Tis the Season for….Broken Hearts?

Roberta Heale Associate Editor @robertaheale, @EBNursingBMJ

For many of us, our hearts fill with joy as the holiday season settles upon us.  For many others, this time of year includes sadness or stresses so strong they can break a heart. I recently travelled to visit a friend who had suffered the loss of her husband and then soon afterward had been hospitalized for chest pain and shortness of breath.  After numerous investigations, she was told that, thankfully, she didn’t have a heart attack.  Rather, she was diagnosed with broken heart syndrome.

Broken heart syndrome, also called stress-induced cardiomyopathy or takotsubo cardiomyopathy, is a real phenomenon where extreme physical or emotional stress can lead to chest pain and shortness of breath.  Unlike with a heart attack, the blood vessels of the heart are not blocked with broken heart syndrome, but the blood flow in the heart may be diminished.  Most people have a full recovery but, in a small number of cases, it can lead to short term, severe cardiac muscle failure and death . https://bit.ly/2QDkFgI

The exact cause of broken heart syndrome isn’t known however, it could be a result of a surge of adrenaline, or other stress hormones that may temporarily damage the hearts of some people. The trigger for broken heart syndrome can be an extremely stressful emotional event, such as death of a loved one, or physical event, such as emergency surgery. The catalyst can even be something positive, but also stressful, such as winning a lottery. Some medications may provoke broken heart syndrome (duloxetine, levothyroxine, epinenphrine, venlaxafine).  People over the age of 50 and women are more prone to broken heart syndrome as are those with neurological or current psychiatric issues. https://mayocl.in/2z4qBGf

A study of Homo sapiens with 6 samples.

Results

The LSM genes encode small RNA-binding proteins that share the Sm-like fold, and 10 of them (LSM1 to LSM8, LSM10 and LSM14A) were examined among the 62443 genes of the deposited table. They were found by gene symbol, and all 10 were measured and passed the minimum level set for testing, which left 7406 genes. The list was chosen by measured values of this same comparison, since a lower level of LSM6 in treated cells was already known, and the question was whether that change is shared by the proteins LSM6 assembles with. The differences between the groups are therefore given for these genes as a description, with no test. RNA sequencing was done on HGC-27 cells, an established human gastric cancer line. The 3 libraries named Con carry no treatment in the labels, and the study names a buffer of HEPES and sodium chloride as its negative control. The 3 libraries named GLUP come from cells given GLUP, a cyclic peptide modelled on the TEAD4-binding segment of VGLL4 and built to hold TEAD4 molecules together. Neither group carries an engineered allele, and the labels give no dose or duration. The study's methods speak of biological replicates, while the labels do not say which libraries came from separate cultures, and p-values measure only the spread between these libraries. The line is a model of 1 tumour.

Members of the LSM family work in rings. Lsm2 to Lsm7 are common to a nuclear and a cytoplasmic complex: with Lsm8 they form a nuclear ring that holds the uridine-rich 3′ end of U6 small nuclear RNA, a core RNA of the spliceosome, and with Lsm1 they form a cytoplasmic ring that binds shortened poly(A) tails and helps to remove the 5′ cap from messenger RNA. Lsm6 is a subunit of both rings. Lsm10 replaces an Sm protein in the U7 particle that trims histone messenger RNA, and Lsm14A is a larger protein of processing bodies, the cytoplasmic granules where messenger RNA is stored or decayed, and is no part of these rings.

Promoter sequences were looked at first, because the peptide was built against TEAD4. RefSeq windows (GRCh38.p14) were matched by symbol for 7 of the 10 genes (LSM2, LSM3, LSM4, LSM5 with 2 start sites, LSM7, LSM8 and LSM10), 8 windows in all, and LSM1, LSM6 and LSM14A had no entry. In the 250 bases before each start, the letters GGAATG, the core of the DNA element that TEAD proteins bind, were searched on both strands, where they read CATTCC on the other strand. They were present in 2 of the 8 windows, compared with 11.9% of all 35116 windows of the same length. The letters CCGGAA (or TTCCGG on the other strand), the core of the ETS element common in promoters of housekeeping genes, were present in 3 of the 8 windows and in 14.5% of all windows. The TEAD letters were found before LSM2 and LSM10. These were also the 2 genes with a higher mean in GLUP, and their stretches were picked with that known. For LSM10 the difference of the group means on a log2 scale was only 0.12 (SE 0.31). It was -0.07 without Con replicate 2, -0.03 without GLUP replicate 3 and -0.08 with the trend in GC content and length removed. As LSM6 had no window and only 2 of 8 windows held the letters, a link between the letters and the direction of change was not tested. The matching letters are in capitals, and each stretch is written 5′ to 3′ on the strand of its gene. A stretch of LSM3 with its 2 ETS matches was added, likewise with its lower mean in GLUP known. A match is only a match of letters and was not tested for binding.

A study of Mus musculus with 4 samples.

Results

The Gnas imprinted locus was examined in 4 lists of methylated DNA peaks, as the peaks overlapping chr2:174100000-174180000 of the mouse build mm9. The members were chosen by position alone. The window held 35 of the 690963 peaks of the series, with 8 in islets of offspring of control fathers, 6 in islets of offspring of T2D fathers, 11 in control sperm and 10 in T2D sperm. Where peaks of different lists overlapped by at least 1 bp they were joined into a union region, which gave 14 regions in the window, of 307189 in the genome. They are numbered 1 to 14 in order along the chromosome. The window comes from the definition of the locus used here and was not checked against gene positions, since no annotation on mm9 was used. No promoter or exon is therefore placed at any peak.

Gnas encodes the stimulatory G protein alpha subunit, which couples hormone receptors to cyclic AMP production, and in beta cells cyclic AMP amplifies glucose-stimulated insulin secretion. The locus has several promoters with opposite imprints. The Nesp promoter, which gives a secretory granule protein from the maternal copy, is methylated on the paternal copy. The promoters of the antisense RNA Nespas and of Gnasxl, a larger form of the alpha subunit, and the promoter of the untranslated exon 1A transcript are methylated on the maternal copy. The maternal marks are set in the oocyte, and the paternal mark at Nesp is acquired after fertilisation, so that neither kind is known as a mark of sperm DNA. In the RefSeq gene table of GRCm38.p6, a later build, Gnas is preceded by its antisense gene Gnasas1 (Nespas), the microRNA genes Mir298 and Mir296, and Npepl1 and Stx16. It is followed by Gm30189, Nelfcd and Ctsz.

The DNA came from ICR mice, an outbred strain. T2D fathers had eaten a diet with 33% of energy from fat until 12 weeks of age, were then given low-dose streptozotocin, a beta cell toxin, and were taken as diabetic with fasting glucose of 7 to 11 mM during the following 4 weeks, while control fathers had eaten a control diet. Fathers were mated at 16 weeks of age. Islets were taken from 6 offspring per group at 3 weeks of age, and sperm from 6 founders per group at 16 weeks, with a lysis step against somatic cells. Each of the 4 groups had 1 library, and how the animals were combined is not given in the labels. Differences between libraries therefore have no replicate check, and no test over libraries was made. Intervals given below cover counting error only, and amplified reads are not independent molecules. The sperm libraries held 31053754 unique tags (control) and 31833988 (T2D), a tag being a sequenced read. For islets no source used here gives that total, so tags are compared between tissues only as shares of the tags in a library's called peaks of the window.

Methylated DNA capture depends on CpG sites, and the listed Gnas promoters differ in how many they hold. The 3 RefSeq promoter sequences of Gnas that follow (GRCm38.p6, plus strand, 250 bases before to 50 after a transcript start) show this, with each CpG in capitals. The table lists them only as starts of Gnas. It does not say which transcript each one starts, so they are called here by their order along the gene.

There is no way to tell if the chest pain that a person is having is a result of broken heart syndrome or other cardiac event. Immediate transfer to emergency services is a must, where investigation and treatment can be administered.  It can take up to 6 months to fully recover from an event.   There may be ways to prevent a reoccurrence of broken heart syndrome such as in managing stress levels, or taking beta blocker medication to reduce the impact of stress hormones on the heart.  https://mayocl.in/2z4qBGf

The holiday season can be a time of extreme stress.  Keep this in mind and take care of yourselves and your loved ones and enter into the new year both happy and healthy.